The Prenda trials are like the Honey Boo Boo of law. It’s a train wreck you just can’t look away from. Sex, money, and slapstick keystone-caper lawyering all in one. The Firm began a few years back saving the world from digital scum who steal movies; they are protectors of fine and upstanding films such as Sexual Obsession and Church of Bootyism 2 (both of which have been snubbed by the motion picture academy, most likely because the principal dialogue consisted of long strings of vowels spoken in frantic guttural). The trick was to find people who downloaded said movies, send them a letter, and get paid. And by “find people” I mean “make a wild-ass guess based on bad logic.” They filed a few thousand “John Doe” lawsuits forcing service providers to cough up details on which freakishly perverted user had said IP address. Then they sent out the kind of carefully worded threatening letter no one wants to get: “You’re the perv who stole Church of Bootyism 2, pay $4,000 or we tell your boss, your mother, your grandmother, and that girl at Starbucks you keep flirting with.” I never received one of those letters, so I guessed at the wording.
Some of those people couldn’t possibly have downloaded Church of Bootyism 2 because they were busy watching Honey Boo Boo or they were dead. But most people, it seemed, copped to it because nobody wants to be caught explaining to their neighbor and their kids kindergarten teacher that Church of Bootyism 2 was just for research, and they didn’t enjoy it. Then US District Judge Otis Wright (who may look like the Incredible Hulk) said “This case doth reek of Church of Bootyism 2 lies” and started poking around. Turns out Prenda had been pulling off one of the ballsiest digital copyright maneuvers in years. The Prenda lawyers may have uploaded and shared Church of Bootyism 2 to begin with, only to track every download. They may not have been acting on behalf of the true copyright holder of Church of Bootyism 2. Oh, and one of the lawyers forged his neighbors signature on a filing for one of their shell companies. Seriously, folks, free entertainment doesn’t get much better than this.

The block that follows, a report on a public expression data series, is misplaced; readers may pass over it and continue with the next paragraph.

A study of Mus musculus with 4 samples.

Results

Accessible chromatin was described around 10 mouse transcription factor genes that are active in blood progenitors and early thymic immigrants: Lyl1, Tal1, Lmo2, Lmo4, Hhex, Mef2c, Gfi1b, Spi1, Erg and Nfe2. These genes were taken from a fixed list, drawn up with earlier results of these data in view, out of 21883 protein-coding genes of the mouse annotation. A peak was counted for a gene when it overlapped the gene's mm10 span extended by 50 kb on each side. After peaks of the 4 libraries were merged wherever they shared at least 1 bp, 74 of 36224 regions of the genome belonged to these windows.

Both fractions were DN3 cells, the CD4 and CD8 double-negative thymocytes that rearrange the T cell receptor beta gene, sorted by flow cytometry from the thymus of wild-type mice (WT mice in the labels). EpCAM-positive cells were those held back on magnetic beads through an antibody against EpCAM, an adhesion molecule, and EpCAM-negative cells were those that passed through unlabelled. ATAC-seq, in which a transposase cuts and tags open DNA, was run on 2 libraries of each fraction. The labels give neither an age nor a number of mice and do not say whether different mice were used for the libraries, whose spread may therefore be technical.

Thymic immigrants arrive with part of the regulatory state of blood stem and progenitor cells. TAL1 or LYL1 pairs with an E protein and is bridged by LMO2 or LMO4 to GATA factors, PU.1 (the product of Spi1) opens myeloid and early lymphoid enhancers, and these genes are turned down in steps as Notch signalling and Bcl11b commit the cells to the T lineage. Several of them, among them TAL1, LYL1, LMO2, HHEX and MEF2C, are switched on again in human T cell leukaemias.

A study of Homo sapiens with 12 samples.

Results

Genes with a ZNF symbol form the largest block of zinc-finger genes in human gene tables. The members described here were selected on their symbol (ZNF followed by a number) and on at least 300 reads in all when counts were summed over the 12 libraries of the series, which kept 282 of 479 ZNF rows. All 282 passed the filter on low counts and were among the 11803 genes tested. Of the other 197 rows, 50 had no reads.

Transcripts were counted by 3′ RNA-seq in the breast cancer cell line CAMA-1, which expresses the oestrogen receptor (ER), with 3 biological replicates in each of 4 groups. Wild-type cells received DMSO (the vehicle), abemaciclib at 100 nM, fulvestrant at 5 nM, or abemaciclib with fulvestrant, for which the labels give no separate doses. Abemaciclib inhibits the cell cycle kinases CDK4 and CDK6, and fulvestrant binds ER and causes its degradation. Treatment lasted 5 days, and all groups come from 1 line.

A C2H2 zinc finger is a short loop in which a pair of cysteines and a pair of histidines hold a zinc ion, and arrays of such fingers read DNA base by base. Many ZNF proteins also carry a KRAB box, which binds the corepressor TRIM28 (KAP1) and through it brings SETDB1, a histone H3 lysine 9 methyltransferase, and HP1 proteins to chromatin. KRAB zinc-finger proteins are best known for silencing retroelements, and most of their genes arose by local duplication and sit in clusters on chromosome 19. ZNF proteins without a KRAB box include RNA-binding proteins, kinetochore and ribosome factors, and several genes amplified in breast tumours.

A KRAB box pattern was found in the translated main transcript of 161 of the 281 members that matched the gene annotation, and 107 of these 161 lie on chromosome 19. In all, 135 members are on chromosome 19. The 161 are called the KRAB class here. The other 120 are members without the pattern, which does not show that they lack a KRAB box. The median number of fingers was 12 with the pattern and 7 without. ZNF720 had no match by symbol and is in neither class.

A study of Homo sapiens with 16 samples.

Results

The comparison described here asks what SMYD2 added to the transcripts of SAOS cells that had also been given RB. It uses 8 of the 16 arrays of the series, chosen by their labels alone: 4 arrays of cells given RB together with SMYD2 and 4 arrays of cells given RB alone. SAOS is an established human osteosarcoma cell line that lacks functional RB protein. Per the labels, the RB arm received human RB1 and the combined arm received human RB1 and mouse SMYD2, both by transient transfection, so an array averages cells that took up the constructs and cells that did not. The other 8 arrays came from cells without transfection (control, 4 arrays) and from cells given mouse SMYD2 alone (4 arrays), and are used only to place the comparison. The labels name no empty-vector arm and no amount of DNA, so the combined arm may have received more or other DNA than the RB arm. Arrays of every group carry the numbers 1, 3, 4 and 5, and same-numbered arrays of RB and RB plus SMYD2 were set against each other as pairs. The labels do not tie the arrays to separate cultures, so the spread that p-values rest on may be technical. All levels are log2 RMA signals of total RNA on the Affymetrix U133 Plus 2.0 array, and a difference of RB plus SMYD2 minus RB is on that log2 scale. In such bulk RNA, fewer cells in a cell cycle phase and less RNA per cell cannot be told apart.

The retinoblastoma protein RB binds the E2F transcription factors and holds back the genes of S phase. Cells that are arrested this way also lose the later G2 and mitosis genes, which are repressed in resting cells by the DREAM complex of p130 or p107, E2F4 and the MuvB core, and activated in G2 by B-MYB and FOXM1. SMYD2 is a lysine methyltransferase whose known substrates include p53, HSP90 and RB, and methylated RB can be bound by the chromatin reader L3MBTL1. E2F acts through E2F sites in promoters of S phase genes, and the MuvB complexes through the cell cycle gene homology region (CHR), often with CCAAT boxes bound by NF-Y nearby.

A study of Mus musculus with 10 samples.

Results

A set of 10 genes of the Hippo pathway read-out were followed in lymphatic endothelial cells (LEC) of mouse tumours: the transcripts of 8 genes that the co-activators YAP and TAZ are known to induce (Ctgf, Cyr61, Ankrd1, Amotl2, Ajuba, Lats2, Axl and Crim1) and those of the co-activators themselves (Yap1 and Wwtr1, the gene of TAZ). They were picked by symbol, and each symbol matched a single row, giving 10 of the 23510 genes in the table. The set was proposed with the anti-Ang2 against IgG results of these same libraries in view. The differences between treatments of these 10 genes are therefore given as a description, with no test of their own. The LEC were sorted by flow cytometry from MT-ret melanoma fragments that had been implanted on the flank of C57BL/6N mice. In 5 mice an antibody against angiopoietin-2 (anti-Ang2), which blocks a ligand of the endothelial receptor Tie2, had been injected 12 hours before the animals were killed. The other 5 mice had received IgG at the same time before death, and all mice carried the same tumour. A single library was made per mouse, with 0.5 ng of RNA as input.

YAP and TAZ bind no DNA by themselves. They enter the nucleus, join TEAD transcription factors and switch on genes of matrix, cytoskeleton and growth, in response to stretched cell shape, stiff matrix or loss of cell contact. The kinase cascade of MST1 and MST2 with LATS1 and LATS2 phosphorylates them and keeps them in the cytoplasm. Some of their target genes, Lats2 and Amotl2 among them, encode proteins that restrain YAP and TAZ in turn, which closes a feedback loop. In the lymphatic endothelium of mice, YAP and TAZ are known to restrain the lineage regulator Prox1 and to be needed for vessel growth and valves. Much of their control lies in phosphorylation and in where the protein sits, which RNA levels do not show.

While Prenda is a hilariously extreme example, the case has some bearing on writers and content creators. What fueled Prenda in the first place was the DMCA. Copyright law is tricky, and DMCA doesn’t make it any easier. Someone just needs to point a finger and cry foul without any real evidence, and content is usually taken down by the service provider. YouTube has a standing policy of killing content, and so do most hosting services. Big media has a standing policy of whining to the authorities like an overworked actor in Church of Bootyism 2 even when said content doesn’t belong to them, isn’t related, or isn’t infringing.
There are two points to this: you may one day find yourself targeted wrongfully in a DMCA violation (or maybe rightfully, if you were such a fan of Church of Bootyism that you had to download the sequel), or you’re a content creator with something to steal. The law sides with the content creators. When you write a story (or make a video of your dog bringing you a beer) and post it online, it’s still yours even if you give it away. The internet is the oddest place the universe has ever known, like going to a store where they sell high-end bath towels next to 50-Shades Lego sets. It’s the wild west. It also means protecting your work is that much harder should someone like Prenda try to steal it and sue everybody who’s infringing, justified or not. This leaves service providers up the well known fecal tributary without proper means of locomotion. Hosting companies and service providers are required by law to take DMCA takedown notices seriously, but aren’t required to investigate because it’s not their job. Though it looks like the Prenda lawyers may end up in federal Pound-Me-In-The-Ass prison, there still aren’t any laws in place to stop the next Prenda wannabe. Until copyright law is fixed, we’re stuck in this mess.
But there is some hope. Should you get one of those “Pay us or else” letters, bear in mind many judges are taking the stance that settlement is pretty much extortion. Do some homework on the legal letter. If it hasn’t been filed in your district, or if it was filed with dozens of other “John Doe’s”, there’s a pretty good chance it’s going to be thrown out. And on the opposite side, should you be in the same boat as the director and writer (was there a writer?) of Church of Bootyism 2, there are methods of responding to a DMCA claim.
And if you don’t fall in either of those categories, you get to sit back and enjoy the ride. The truth is, I just wanted to make you all read the words Church of Bootyism 2 a bunch of times.